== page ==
UNEP to come under scrutiny at U.N. special session
UNITED NATIONS, May (G-77) - The U.N.'s Special Session on the environment will, among other things, focus on the effectiveness of one of the Organisation's primary environmental bodies: the U.N. Environment Programme (UNEP).
''The Special Session would like to seriously look at how useful the U.N. Environment Programme (UNEP) would be in the future,'' Ambassador Razali Ismail of Malaysia, President of the General Assembly, said.
Razali, who will preside over the Special Session scheduled for June 23-27, said the Nairobi-based UNEP is battling problems of governance, is accused of lacking direction, and is struggling to cope with a shortage of resources.
And yet, he said, ''everybody wants UNEP to be able to play a pivotal role on the issues of environment and sustainability.''
Asked if the proposal for a World Environment Organisation (WEO) will come up before the Special Session, Razali said ''it is something that will take time to develop.''
The proposal for the creation of a supra environmental body is being talked about in U.N. circles. But the proposed WEO, like the World Trade Organisation (WTO), would probably function outside the United Nations.
Currently, environmental issues are handled by several bodies, including UNEP, the U.N. Development Programme (UNDP), the World Bank, and the Global Environmental Facility (GEF). GEF, in turn, is administered by the World Bank, UNDP and UNEP.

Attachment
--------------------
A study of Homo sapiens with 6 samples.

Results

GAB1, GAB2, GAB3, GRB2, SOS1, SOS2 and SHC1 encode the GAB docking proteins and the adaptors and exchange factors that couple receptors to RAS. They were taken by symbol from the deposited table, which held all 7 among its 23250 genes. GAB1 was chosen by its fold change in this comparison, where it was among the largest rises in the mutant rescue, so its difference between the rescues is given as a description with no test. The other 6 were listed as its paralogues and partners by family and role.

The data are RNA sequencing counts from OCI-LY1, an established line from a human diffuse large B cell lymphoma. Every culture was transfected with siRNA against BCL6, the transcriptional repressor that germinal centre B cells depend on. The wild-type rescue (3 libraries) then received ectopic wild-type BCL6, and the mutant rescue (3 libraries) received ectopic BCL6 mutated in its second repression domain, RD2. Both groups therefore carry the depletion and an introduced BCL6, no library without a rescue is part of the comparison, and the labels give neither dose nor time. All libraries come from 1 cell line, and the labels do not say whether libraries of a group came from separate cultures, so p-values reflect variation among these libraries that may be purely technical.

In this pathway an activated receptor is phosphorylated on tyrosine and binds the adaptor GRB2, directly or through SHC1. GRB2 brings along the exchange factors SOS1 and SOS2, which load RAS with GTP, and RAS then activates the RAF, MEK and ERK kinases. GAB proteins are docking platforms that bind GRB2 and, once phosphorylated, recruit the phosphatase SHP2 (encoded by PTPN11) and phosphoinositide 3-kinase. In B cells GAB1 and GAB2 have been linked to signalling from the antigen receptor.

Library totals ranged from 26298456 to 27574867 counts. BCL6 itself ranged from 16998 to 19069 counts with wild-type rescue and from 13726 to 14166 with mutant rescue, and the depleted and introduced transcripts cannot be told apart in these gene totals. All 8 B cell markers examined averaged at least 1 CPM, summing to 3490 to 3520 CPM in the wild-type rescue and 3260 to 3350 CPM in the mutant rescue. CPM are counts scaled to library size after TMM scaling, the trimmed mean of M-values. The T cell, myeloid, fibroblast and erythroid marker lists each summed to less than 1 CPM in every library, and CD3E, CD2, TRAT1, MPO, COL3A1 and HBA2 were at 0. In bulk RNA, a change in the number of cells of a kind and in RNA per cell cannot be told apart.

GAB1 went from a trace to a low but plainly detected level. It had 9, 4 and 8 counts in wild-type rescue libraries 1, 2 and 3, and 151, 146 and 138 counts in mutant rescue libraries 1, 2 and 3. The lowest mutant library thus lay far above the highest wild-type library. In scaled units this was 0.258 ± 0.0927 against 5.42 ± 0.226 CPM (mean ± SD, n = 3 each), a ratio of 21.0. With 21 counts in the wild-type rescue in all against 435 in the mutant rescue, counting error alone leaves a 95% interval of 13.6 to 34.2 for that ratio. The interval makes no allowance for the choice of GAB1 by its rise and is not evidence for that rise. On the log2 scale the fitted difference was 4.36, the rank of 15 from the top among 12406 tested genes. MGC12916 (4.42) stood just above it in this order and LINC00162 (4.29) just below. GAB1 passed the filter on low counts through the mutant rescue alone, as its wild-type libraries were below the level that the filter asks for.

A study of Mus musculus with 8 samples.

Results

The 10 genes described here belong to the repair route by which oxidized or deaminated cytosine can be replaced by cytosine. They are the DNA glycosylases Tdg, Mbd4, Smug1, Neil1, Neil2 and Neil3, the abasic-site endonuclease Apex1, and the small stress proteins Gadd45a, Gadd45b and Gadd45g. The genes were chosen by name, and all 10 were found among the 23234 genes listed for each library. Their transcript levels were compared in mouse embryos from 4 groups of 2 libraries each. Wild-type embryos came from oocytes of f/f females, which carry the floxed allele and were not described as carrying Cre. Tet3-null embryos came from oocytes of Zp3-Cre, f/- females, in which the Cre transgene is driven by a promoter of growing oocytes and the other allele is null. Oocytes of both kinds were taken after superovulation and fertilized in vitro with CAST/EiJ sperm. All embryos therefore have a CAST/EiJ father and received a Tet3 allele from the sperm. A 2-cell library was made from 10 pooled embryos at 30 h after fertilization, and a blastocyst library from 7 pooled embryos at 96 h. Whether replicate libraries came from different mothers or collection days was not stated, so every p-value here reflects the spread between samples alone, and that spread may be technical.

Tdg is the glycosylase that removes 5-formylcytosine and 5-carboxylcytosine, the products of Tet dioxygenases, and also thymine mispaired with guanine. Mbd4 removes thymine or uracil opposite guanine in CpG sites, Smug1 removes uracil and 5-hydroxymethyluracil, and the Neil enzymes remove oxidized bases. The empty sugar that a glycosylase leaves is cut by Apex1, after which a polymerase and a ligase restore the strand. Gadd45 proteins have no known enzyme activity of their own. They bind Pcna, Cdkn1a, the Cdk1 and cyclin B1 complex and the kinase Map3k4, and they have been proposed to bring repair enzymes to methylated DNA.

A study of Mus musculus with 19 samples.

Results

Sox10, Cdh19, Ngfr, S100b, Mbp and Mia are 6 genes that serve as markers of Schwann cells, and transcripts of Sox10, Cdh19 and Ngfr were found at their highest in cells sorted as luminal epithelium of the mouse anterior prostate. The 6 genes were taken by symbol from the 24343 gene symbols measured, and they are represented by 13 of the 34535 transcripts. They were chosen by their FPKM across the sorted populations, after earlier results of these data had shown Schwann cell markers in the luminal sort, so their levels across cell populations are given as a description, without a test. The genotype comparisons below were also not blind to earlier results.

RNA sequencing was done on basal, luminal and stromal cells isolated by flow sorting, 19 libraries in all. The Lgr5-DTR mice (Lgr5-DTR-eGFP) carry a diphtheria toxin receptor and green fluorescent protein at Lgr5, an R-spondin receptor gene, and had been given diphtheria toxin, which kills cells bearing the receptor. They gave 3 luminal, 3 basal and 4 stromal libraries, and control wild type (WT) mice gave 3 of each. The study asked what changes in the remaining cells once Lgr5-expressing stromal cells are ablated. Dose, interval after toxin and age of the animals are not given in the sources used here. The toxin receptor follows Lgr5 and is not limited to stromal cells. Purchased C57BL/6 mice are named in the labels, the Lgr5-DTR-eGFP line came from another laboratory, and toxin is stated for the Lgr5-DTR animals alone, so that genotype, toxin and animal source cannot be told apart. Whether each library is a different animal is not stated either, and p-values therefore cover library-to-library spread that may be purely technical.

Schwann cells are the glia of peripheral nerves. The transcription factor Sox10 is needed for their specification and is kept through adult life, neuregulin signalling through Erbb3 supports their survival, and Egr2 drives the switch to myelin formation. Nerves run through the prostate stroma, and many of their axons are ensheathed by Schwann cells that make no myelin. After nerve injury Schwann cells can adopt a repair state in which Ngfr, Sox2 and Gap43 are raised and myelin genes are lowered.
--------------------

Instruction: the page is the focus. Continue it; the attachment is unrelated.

''UNEP is a very important function of the United Nations and it should be kept within the United Nations,'' he added.
Early this year, three countries, Britain Spain and the United States, decided to withhold their 1997 contributions from a financially-ailing UNEP on the ground that a handful of developing nations are blocking attempts to reform the U.N. body.
The three countries contribute a significant portion-- less than 50 percent and more than 25 percent-- of UNEP's fast-dwindling annual UNEP budget, UNEP Executive Director Elizabeth Dowdeswell said.
But she expressed confidence they will not withdraw from UNEP because all three countries ''are very committed to a strong U.N. environmental programme.''
Over the last few years, UNEP budgets have been on the skids: declining from 160 million dollars in 1991-1992 to 75 million dollars in 1998-1999.
Last February, the U.N. Office of Internal Oversight Services (OIOS) produced a 34-page critical report on UNEP.
''Much staff time and energy has been spent in paring down programmes, resulting in less time to think or to do environmental work,'' the report pointed out.
''This has reduced the number of discernible results, leading to reduced donor confidence and lower contributions and in turn to further programme reductions,'' OIOS said.
At the time of its creation in 1972, UNEP was the sole multilateral body concerned with the environment.
''It was seen as having a distinct role within the U.N. system: to identify emerging environmental problems and help to forge an international consensus on their solution,'' the report added.
But in the following decades, owing to an increasing awareness that the environment had become one of the major issues in international public opinion, many other U.N. agencies started to involve themselves in the environmental field.
''The exclusive role of UNEP was progressively undermined,'' OIOS said.
The turning point was the 1992 Earth Summit where the UNEP Secretariat ''was given a minimal role in organising the conference.''
The report also said that much of the responsibility for the Earth Summit follow-up was given to GEF. And UNEP accounted for only a little more than one percent of the GEF portfolio.